Review: Sharing Clinical Trial Data 2/2

18. october 2015 at 8:00 | Veronika Valdova, ARETE-ZOE |  Risk Management
Key stakeholders in clinical trials include participants, research Ethics Committees, Data Monitoring Committees (DMCs/DSMBs), disease advocacy organizations, funders and sponsors of trials both non-profit and the industry, regulatory agencies, investigators including secondary analysts, research institutions and universities, journals and professional societies (p 48). Jurisdictional differences in protection of personal data can also be a concern, especially in Europe (p 52). Funders and sponsors have significant leverage to set standards and to encourage data sharing for the trials they fund (p 58). Specific examples of effects of secondary analyses are discussed in the context of conflict of interest of different stakeholders (pp 65-67).

U.S. regulatory agencies have to maneuver within the constraints of the Freedom of Information Act (FOIA), the Trade Secrets Act (TSA), and 21 CFR 20.61(c) which makes information submitted or divulged to the FDA unavailable for public disclosure (p 70). Some legal scholars have argued that the FDA potentially has the power to disclose trade secrets for public health reasons, citing the Hatch-Waxman Act (p 71). The first recommendation of the Committee says:

"Stakeholders in clinical trials should foster a culture in which data sharing is the expected norm, and should commit to responsible strategies aimed at maximizing the benefits, minimizing the risks, and overcoming the challenges of sharing clinical trial data for all parties" (p 80).

Publication in scientific journals is the primary method for sharing clinical trial data with the scientific and medical communities. These publications, however, contain only a small subset of the data. In trials that are not part of a regulatory submission, detailed clinical study reports may or may not be prepared (p 91). The committee acknowledges that no single body or authority in the global clinical trials ecosystem has the power to enforce clinical trial data sharing (p 92).

Chapter 4 scrutinizes in thorough detail what kind of data is produced in different type of trials, and how practical (or impractical) it is to share raw data, analyzable data set, clinical trial registration number and data set, full trial protocol, manual of operations, standard operating procedures, names of members of the team, Steering Committee, Clinical Events Committee, Data and Safety Monitoring Board, Data Monitoring Committee, committee charters, details of study execution, informed consent templates, included hypotheses, full statistical analysis plan (SAP), and analytic code (pp 91-105). Additional data for sharing include publications, summaries of results for registries, lay-language summaries, and clinical study reports, either in full or abbreviated form (p 105-111).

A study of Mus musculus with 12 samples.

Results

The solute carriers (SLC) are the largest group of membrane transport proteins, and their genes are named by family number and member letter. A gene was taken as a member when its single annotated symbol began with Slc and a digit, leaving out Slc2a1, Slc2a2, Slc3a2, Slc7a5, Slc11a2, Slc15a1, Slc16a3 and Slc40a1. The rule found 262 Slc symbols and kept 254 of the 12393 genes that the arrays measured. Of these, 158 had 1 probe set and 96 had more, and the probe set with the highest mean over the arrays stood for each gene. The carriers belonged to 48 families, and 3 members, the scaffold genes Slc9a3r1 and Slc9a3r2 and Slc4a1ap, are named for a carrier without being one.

The main argument for sharing data from legacy trials is that many current treatment decisions are based on clinical trials done in the past (p 111). The second Committee recommendation states:

"Sponsors and investigators should share the various types of clinical trial data no later than the times specified below. Sponsors and investigators who decide to make data available for sharing before these times are encouraged to do so" (p 132-133).

Chapter 5 examines with whom the data are shared and under what conditions. Potential data recipients may seek access to data for a variety of purposes, which may present different potential benefits and risks: researchers, attorneys, competitors, consultants, whose clients may include investment and financing companies and research organizations, participants in the trial, journalists, disease advocacy groups, members of the public, research ethics committees, peer-review committees, data monitoring committees or educators (p 140).

The key argument in favor of open access is that removing barriers facilitates reproducibility and more rapid advancement of new knowledge and discovery, and that the accompanying risk of invalid analyses is acceptable (p 141). Main concerns are participant privacy, unfair commercial use, invalid secondary analyses, and credit for clinical trialists and sponsors (p 145). The authors also mention already existing multi-sponsor web system ClinicalStudyDataRequest for requesting clinical trial data launched in January 2014 (p 149). Committee recommendation No 3 suggests:

"Holders of clinical trial data implement operational strategies that include employing data use agreements, designating an independent review panel, including members of the lay public in governance, and making access to clinical trial data transparent" (p 157)".

There are more platforms for sharing clinical trial data, with different data access models and sufficient total capacity to meet demand. The Committee shared its vision of culture of data sharing, articulated best practices, and called for allocating the cost of data sharing among stakeholders and protections to minimize the risks (p 164). Recommendation 4 says:
"The sponsors of this study should take the lead, together with or via a trusted impartial organization(s), to convene a multistakeholder body with global reach and broad representation to address, in an ongoing process, the key infrastructure, technological, sustainability, and workforce challenges associated with the sharing of clinical trial data" (p 177).

Appendices include details on study approach, concepts and methods of study data de-identification and legal discussions of risks to industry sponsors.

The report is an essential reading for those who need to understand industry perspective. Industry generates vast majority of clinical trial data, and its primary purpose is to generate data for approval of new drugs and return on investment. A business case has to support public health perspective to incentivize data sharing.